France deploys ‘dengue detectives’ in the lead up to the Olympics



The mosquito-borne disease has been on the uptick in France for several months amid warmer temperatures. 

The timing isn’t great—it’s a big summer for the country as it’s hosting the Olympics starting late July, which promises to bring in millions of visitors in addition to the usual tourist crowd.

So, France has put its “dengue detectives” to task. They’ll track down disease hotspots, seek out mosquito eggs, and help curb the spread of the virus in French cities. 

“It’s true the Olympic Games are a critical moment,” Cécile Somarriba, director of health monitoring and safety at the Greater Paris Regional Health Agency (ARS), told The Telegraph. “We are prioritizing our surveillance in places that will host large gatherings. This is where risk of transmission is highest.”

The ARS launched a campaign to watch mosquito numbers in Paris and surrounding suburbs by deploying 526 nesting traps that will be sent for analysis every month.  

The so-called detectives are cracking down on the Aedes albopictus, also known as the Asian tiger mosquito, which thrives in the conditions that cities like Paris offer in summertime—a mix of hot and wet weather, with lots of people coming and going. 

With the Paris Olympics around the corner and expected to welcome over 15 million visitors, authorities are tightening controls in “fan zones” where visitors from around the world might gather, like airports.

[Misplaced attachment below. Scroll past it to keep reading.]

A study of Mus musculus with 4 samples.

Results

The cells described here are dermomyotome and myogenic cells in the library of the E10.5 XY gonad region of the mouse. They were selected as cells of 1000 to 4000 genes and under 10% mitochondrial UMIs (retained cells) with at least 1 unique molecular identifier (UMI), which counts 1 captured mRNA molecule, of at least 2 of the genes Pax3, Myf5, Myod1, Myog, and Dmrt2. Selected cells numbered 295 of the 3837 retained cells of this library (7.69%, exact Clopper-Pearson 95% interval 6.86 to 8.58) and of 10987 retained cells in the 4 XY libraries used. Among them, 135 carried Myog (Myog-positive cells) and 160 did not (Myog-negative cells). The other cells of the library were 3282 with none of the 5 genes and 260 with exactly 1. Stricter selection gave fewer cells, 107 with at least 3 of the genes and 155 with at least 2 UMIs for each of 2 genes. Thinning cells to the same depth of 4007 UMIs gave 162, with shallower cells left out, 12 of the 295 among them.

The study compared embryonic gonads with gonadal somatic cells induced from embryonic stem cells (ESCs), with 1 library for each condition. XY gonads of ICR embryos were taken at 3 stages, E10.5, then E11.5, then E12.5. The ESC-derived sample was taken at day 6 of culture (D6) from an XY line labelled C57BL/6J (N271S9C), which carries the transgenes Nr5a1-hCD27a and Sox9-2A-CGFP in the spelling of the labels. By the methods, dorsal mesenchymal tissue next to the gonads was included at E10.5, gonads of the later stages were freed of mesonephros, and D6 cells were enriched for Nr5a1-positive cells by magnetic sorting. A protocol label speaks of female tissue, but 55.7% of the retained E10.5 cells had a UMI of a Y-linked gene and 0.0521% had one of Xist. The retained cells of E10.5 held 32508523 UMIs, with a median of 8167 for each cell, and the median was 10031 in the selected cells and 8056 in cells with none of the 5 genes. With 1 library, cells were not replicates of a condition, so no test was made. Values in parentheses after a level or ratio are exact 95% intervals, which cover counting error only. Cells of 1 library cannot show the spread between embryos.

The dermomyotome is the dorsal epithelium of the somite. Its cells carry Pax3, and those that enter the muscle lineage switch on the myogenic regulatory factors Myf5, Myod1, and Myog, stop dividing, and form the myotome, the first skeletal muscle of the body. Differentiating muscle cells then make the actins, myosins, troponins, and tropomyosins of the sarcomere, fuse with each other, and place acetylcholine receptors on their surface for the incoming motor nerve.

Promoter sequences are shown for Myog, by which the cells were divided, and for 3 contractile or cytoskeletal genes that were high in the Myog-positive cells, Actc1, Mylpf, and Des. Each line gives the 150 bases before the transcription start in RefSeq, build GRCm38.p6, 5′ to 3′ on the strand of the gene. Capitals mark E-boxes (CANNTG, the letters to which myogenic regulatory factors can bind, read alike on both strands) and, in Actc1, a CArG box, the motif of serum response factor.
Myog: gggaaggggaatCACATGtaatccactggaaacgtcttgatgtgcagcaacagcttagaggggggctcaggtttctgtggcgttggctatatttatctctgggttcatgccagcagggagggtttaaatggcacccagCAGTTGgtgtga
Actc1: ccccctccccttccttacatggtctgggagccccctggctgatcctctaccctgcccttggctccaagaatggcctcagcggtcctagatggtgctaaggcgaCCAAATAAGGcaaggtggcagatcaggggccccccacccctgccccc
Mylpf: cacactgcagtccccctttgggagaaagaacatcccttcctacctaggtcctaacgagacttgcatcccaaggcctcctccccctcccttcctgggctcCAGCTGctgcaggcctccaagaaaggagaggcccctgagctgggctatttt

Dengue symptoms include high fever, headaches and nausea. Severe infections can result in deaths, although they are rare if detected early. 

The high alert surrounding dengue cases comes just months after France faced a massive bedbug infestation across Paris’s public transport networks. At the time, the country was gearing up to host the Rugby World Cup, adding pressure on the French transport authority to do away with the pests swiftly. 

Last year, data analytics firm Airfinity warned of a 50-fold jump in locally transmitted dengue cases across France by 2030, thanks to global warming. 

The threat of vector-borne diseases like dengue has climbed in the last few months, hitting an all-time high at the end of April.

Earlier this year, French health officials warned about the risk of imported dengue cases, as the number of cases in the Americas had swelled. 

While it’s hard to weed out the virus altogether, given the massive inflow of visitors, there are ways to control the spread. 

To monitor the situation, health authorities have set up a website and are calling hotels, schools, and other locations to report and detect possible outbreaks early. At some Olympics venues, they are setting up traps that exude human-like odors designed to lure mosquitos.

Parisians are also encouraged not to let stagnant water collect in their gardens so mosquitoes don’t breed.